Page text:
The rupee has gained by over 4% since the last week of April this year, as foreign inflows surged to over $15 billion from March 21 to date. The glut of foreign exchange has led to the domestic currency gaining strength to 58.64 a dollar from the 61 levels on April 23.
"An appreciating rupee should bring down inflation ideally because landed cost of oil will go down and so will the subsidy burden of the government," said K Harihar, head treasury at FirstRand Bank.
While a few are bullish on the impact of appreciating rupee on current account deficit (CAD) – the difference between exports and imports that fell from $88 billion in fiscal 2013 to $45 billion in fiscal 2014 – others are conservative in their outlook.
"It all depends on the interplay of variables like inflows from non-resident Indians and foreign institutional investors and software exports being offset by increased oil and capital equipment imports on the back of a resurgent economy," Harihar said.
This could aid the easing of CAD and a possible shift back to savings from gold when returns turn positive.
"The appreciating rupee could witness a rise in oil imports because the political environment looks better" said Shubhada Rao, senior president and chief economist at YES Bank.
Fiscal 2014 oil imports in dollar terms were lower at $143.8 billion compared with the previous year's $144.3 billion, though tonnage-wise they were higher at 189.64 million tonne against 184.8 mt in fiscal 2013.
With the crude price averaging at a steady $108 a barrel, bankers and economists are of the view oil imports were more than likely to be higher in the immediate term.
Importers have been quite a satisfied lot since the rupee began appreciating in April on hopes that Bharatiya Janata Party will form the government. The rupee that hit a low of Rs 68.80 to the dollar on August 28 last year and stabilised after the new Reserve Bank of India governor, Raghuram Rajan introduced a slew of measures to attract non-resident deposits is now appreciating.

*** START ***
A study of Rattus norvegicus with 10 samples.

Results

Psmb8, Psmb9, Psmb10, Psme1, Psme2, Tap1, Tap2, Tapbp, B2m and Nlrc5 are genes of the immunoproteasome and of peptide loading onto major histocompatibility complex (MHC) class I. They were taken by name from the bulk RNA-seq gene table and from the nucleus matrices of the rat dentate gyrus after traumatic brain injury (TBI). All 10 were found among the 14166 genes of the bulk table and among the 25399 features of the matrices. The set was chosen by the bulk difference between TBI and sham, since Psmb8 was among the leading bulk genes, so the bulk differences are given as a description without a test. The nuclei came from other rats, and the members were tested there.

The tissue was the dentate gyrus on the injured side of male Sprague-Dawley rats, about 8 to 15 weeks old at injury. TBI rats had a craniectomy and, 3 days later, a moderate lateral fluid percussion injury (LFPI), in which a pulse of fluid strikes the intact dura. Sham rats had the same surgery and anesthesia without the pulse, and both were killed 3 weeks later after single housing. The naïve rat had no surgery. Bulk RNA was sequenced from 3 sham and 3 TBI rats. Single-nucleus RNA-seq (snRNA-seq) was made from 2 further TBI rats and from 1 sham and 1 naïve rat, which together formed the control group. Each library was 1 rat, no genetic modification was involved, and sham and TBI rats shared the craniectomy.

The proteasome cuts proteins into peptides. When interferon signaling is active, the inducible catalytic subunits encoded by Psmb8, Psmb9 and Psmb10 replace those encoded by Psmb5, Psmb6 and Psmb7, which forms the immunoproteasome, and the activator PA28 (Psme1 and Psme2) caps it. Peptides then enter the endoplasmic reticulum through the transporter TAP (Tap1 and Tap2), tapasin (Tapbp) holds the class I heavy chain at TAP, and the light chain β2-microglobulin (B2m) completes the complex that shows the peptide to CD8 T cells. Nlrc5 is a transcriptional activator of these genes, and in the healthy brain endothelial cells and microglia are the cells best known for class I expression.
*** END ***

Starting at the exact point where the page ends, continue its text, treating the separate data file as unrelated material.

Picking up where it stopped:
"I expect the rupee to trade around 58 to dollar, if the positive trend continues based on economic revival," said Moses Hardings, chief economist and group CEO at Srei Infrastructure Finance.
In order of priority, CAD can come down if growth is positive, inflation is tamed and fiscal deficit tapers from current levels, he said. Fiscal deficit for last fiscal was 4.6% of the GDP and is projected at 4.1% for the current fiscal.
It could remain static on account of dismal exports and IT-revenue linkages. However, bankers do not expect the rupee to sharply appreciate as the RBI would find ways to offset forex inflows.
"The last time when the rupee appreciated in 2007, the RBI sterilised the rupee and it could do the same if the currency rises again," Rao of YES Bank said.
In 2007, the RBI intervened in the spot market and sold forwards. It had also introduced market stabilising scheme where it mopped up excess dollar inflows in lieu of short tenor bonds.
For the moment, YES Bank and others are looking at 58 levels by December.
"The election-related uncertainty is behind us. FII inflows to the domestic market is likely to remain positive," Rao said.